Depending on how you look at it, this could be a complete short story or part of a longer novel. Either way, I am excited -- and a little nervous -- to share this with you. "Rosie" may not end in the way you expect ... - Laurel
Rosie stepped outside. The cold velvet air caressed her cheeks, turning them red. Blissfully, she was wrapped in an oversized furry coat, which sheltered most of her skin from the chill. A glimpse of a smile escaped Rosie as she saw the snow-laden trees. “It looks like God came and frosted them overnight,” she thought. Rosie wondered if she might yet hear the chitter-chatter of the few squirrels that had resisted the urge to dig into the warm underground and still braved the icy fingers of winter.
Behind her, Rosie’s own shelter from the cold—a nondescript white hut that had just begun to gray with age—beckoned her to return. Glancing back, Rosie’s saw the familiar lone narrow window that graced the front of the house. Rosie felt like that window. Alone. Out of place. And chilled by the frost. But, unlike that window, she could leave that creaking house. She shivered and pressed on to the trees. Rosie longed to hear the voices of the forest creatures…even just one. She would not stay away any longer from the woods—no matter what warning her old hut moaned.
20 minutes later, the house welcomed Rosie back. No, the squirrels were tucked safely underground. She tried to coax one out with a song, but they must be fast asleep. As usual that night, Rosie wrote in her tan, leather-bound journal. With large brown eyes, she peered through her lonely window, gazing at her favorite stars.
Rosie was startled when a robin-sized bird landed on her windowsill. It was as white as the ground outside! And this was no ordinary bird! It spoke to her – “I have come from a distant land. There is a prince there who bid me…” Here the bird stopped, awkwardly shifting to one spindly, sharp-clawed foot.
Rosie’s heart thumped in her chest. What strange words the feathery creature spoke! “So…” she spluttered, “Why have you come here?”
The small black eyes of the bird softened. “As I was flying through this country, I heard you singing in the woods nearby. You have a beautiful voice! So, I stopped a while to rest on a branch and your music gave me great peace. I would like to give you something.”
At this moment, the bird turned his neck almost completely around, pecking at his feathers with his pointed beak. In a moment, he withdrew a single folded sheet of paper. Bowing gracefully, he dropped it in Rosie’s opened journal.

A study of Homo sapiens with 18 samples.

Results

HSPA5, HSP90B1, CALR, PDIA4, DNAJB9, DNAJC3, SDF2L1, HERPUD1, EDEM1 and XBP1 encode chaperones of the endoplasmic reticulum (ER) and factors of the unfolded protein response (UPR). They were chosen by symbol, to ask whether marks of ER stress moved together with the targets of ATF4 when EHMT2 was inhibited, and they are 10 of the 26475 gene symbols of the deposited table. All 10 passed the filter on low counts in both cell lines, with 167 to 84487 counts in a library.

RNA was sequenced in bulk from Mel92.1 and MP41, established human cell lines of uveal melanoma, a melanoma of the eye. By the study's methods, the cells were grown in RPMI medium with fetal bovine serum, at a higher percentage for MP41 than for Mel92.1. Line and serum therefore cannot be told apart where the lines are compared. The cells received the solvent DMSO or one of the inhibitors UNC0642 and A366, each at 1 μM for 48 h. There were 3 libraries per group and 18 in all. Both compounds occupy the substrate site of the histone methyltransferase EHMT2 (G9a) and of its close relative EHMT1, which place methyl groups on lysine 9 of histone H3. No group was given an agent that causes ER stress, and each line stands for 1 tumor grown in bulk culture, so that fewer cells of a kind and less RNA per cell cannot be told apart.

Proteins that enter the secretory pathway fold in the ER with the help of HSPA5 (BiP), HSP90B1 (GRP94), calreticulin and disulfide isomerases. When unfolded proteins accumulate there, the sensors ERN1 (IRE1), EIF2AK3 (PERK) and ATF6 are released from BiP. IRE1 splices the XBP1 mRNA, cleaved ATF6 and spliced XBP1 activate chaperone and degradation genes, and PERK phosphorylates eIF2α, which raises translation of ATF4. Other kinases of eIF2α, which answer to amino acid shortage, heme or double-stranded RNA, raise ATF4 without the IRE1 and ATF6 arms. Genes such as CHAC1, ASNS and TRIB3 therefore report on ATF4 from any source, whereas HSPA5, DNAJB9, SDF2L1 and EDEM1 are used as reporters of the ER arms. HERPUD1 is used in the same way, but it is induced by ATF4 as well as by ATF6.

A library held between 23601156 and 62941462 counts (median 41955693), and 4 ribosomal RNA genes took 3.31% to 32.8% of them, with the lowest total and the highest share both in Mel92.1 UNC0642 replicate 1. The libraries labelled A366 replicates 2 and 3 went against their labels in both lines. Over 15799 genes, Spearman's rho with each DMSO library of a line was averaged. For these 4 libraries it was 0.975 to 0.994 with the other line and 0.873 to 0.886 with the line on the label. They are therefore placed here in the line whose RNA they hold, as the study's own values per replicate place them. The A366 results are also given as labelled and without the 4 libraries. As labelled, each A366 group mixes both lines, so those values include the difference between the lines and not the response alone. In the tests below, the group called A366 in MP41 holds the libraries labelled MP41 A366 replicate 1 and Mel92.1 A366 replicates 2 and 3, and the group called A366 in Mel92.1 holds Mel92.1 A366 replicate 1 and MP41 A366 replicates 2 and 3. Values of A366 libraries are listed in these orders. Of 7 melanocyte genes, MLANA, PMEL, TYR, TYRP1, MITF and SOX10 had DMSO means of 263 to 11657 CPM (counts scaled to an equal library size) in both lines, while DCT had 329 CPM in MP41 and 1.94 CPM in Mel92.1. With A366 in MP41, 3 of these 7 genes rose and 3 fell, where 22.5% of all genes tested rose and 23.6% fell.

Rosie blinked, and in that second, the bird was gone! With quivering hands, she unfolded the sheet, flattening it on the desk’s hard surface. Rosie drew her candle’s flame close, and bent over the little note. It read, “Dearest lady…”
The contents of the letter are private to Rosie. I would not break her confidence, dear reader, so I cannot disclose what the prince said to woo fair Rosie.
But I will tell you that the letter contained instructions.
The first—and most important—was that Rosie was to keep the paper. On her person.
Rosie happily kept the letter in the pocket of her robe that night. When she awoke, though, the paper had moved. It seemed to have crawled up on her skin. “Ridiculous, of course,” Rosie muttered. “I must have tossed and turned in my sleep.”
But, strangely, she was happy to leave the paper there on her arm. It felt good. The single leaf of paper was face-up on her arm. She read the prince’s words over and over.
Later that day, it had moved up her forearm. By evening, it had wrapped itself around her neck. “I feel so good,” Rosie thought, looking in the mirror at it. “But it feels just a tad tight.” She tried to slip her finger under an edge, but she couldn’t.
Rosie screamed as the paper began to choke her.
Lunging for her candle, which was flaming, she held it up to her own neck. The paper shrieked.
In the mirror, Rosie watched the paper succumb to the flames. Bit by bit, the black ashes fled to the ground. Her neck had a slight burn, and her hair was singed. She hated that smell.
But what Rosie did not see was a silent white bird, who retrieved with its beak one tiny unburned corner of the paper that had fallen to the ground.
10 years later, a note was dropped on Rosie’s desk. There was a flutter of wings. Trembling, Rosie opened the letter. “Dearest lady…” she whispered aloud. She held the paper to the single flame of her candle, willing herself to read no more of the letter.
Screaming, the last of the original letter died.